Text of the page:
Last fall, I bought this 2004 Ford Ranger XLT - a model I quite like, I must admit. There were the expected adjustments and fixits to be made on things under the hood of an older used vehicle, but after that, I understood in short order that the tires installed on the vehicle were not suited for this pickup. Though brand-new, the off-road tires were simply too big. I decided to go back to basics with a set of OEM-sized off-road tires calculated to fit by Ford’s own engineers.
See also: BFGoodrich T/A K02 Tires Review, Part 1: All-Terrain Tires, All Year ‘Round? Discuss
Winter-approved off-road tires?
I turned to BFGoodrich for tires to to wrap around the 16-inch rims of my latest toy. The T/A K02 tires, despite their modern design, seemed like a strong option given the type of use I was planning to make of this old-timer truck. You see, my job as an automotive journalist requires me to drive several vehicles a month, but occasionally, I like to sit behind the wheel of an unsophisticated vehicle like the old Ranger, a generation of the truck sold on the market until 2011.
Let’s be honest: Compared to modern vehicles, this truck really doesn't have obvious qualities going for it: it suffers from questionable comfort, poor fuel economy, basic equipment, so-so handling, etc, etc. On the other hand, this simple truck has the advantage of far less cocoonish than a luxury SUV. Meaning, you can feel all the imperfections of the road, the wind and, yes, how the tires behave under the weight of the vehicle.
So, I decided to try driving twelve months a year with only one set of tires, since my annual mileage was going to be quite limited anyway. What's the point of having eight tires on two sets of wheels for a vehicle that doesn't get as much use as the everyday car? Plus, I was especially curious to see how the off-road tires would perform in the middle of winter. And it proved quite a test, because our 2021-2022 winter was harsher than average.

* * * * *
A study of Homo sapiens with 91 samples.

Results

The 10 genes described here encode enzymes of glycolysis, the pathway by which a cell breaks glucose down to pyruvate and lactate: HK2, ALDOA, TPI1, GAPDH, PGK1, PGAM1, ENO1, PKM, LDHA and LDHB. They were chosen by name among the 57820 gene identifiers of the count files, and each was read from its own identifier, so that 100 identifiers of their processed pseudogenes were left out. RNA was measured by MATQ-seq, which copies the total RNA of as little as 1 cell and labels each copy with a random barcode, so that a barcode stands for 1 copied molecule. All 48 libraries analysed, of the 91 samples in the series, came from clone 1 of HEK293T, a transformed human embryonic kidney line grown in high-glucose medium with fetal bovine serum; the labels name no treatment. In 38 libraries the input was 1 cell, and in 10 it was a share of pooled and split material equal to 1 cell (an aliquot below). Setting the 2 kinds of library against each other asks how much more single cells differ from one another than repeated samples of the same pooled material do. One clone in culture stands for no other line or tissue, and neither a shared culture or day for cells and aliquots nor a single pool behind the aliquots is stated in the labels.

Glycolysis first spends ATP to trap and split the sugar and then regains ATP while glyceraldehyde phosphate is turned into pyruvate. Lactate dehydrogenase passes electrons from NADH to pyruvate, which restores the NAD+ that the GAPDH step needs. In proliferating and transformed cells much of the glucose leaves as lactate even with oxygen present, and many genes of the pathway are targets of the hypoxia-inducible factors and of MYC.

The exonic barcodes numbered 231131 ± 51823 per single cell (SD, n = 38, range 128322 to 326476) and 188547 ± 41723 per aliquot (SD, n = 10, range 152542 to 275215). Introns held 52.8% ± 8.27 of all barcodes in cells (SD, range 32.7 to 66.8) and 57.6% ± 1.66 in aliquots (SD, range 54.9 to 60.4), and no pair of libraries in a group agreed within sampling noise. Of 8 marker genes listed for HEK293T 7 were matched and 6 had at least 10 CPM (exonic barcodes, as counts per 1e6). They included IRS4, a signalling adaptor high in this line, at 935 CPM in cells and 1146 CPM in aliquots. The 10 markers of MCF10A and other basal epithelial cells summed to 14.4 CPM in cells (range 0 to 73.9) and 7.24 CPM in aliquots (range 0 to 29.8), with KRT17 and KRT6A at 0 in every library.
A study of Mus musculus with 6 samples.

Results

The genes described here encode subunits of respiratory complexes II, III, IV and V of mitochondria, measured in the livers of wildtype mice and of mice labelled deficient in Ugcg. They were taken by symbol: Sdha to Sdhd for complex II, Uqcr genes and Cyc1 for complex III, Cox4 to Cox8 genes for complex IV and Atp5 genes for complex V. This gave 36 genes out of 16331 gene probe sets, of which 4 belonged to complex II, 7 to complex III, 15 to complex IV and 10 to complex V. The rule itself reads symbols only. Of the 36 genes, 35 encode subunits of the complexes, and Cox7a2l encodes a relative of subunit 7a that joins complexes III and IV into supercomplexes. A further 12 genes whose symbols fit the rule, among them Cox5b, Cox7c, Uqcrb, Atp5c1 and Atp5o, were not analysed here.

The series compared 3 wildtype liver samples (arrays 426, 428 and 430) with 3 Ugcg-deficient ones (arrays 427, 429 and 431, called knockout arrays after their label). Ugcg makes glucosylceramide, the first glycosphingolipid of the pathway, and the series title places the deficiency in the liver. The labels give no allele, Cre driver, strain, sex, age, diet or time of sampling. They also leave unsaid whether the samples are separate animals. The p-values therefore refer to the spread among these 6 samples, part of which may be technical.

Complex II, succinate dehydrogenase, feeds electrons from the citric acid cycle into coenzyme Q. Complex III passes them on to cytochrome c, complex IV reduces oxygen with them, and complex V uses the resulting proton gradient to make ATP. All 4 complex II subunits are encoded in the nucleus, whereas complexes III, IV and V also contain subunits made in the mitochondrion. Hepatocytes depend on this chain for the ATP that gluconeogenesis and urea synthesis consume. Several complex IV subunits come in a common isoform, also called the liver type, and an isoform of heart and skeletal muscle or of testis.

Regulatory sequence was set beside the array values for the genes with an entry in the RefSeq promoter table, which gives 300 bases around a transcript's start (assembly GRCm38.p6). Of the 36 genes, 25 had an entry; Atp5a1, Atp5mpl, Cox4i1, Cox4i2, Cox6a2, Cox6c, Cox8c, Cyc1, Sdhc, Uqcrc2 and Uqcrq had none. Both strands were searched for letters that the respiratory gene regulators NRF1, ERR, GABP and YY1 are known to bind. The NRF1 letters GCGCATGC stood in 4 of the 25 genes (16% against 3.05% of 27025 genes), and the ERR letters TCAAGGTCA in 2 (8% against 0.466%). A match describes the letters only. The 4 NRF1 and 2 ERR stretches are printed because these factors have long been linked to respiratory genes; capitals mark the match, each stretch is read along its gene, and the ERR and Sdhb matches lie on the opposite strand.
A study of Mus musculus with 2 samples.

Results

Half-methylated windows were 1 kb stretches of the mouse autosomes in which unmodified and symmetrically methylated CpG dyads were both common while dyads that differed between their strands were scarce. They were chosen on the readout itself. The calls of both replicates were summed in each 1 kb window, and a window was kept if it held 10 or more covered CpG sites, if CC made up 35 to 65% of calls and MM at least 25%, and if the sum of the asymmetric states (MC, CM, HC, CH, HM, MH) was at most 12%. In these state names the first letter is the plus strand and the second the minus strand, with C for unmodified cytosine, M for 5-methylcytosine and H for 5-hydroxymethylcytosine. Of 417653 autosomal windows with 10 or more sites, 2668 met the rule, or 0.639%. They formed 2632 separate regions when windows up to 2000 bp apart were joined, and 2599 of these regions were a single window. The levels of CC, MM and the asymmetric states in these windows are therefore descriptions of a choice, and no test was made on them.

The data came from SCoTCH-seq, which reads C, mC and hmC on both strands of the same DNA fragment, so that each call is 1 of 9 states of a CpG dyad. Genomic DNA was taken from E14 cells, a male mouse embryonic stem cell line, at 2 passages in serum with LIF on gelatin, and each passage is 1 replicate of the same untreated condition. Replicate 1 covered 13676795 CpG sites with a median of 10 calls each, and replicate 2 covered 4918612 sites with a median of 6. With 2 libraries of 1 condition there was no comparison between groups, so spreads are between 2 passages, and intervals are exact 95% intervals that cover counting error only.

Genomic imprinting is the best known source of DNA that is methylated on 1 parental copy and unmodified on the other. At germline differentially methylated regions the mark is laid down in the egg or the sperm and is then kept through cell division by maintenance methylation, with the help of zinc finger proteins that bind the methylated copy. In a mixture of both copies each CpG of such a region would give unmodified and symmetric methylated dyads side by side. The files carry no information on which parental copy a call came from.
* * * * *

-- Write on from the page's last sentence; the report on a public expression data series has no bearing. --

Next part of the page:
My first use of the BFGoodrich T/A K02 tires came in the fall, season for soggy leaves-covered streets and the first sub-zero days. As I mentioned earlier in chapter one in late 2021, the first few kilometres posed no problems; I even found, to my surprise, a quiet ride from the tires, even with their aggressive design. Of course, low-resistance tires do much better, but when you consider the all-purpose nature of this tire, it's quite surprising that these are so smooth on pavement.
The fact that they are winter-approved also explains why the tires stuck quite well to the road during those first few days of cold weather. It's true that if you push a little in 2WD mode and with absolutely nothing in the cargo box, you can spin the rear tires quite easily, but this was in a truck with few modern safety systems installed. In any case, these slight spinning sessions put a smile on my face.
On snow, ice and asphalt in winter
As it happened, it took two weeks between my first dry ride in the fall and my first contact with a slippery snow-and-ice covered surface in December. I noticed right away that the grip was a little less biting in that context, though it was so slight that I’d still wager it was a figment of my imagination. Besides, it’s always dangerous to give an opinion after only a few kilometres. Clearly, I hadn't seen anything yet!
Fortunately for my winter driving project, the white stuff that covers our roads for a few months every year made itself quite at home in the first two months of 2022. I would get plenty of opportunities to determine if winter-rated off-road tires could replace two sets of tires, one for winter and one for non-winter.
I discovered, for instance, that a pickup equipped with such tires and parked on an ice-covered driveway will struggle backing up in two-wheel drive. No matter how gentle I was with the throttle, the vehicle just wouldn’t move. No worries, a simple switch to 4WD solved my problem. In fact, I almost felt like I had suction cups under my tires because the vehicle was so good at biting down on the icy incline. Later, I intentionally got myself stuck in a snowbank after reverting the Ranger back to 2WD mode. As soon as I flipped back to 4WD, my pickup pulled out of the snowbank as if it wasn’t even there.
Of course, these tires lacked that fine grip that only true winter tires can achieve when it's very cold, but overall, the set of K02s certainly impressed me for its general winter behavior, its neutrality and that "grip", courtesy of the K02's studs.
And after the K02?
It will be interesting to see how the market reacts to this new trend of adventure vehicles, as manufacturers fit the most robust versions with all-terrain tires. The BFGoodrich T/A K02 already features CoreGuard technology, a technology borrowed from the Baja T/A KR2 tires used in desert racing. The sidewalls of the K02 are 20-percent stronger than the previous model, the K0. The rubber is also thicker for this generation of the off-road tire.
In addition, it seems that the tread design (with interlocking tread elements) has helped greatly in biting into the various surfaces that have been used over the past few months.
This new model called Trail Terrain T/A seems like a softer option for SUV and CUV owners. This new model is exactly what small truck owners will aim for when they need to replace the OEM set on their vehicle. We’ll keep those for a future tire review, because well, for now, these T/A K02s are just fine for what I intend to do with this old truck.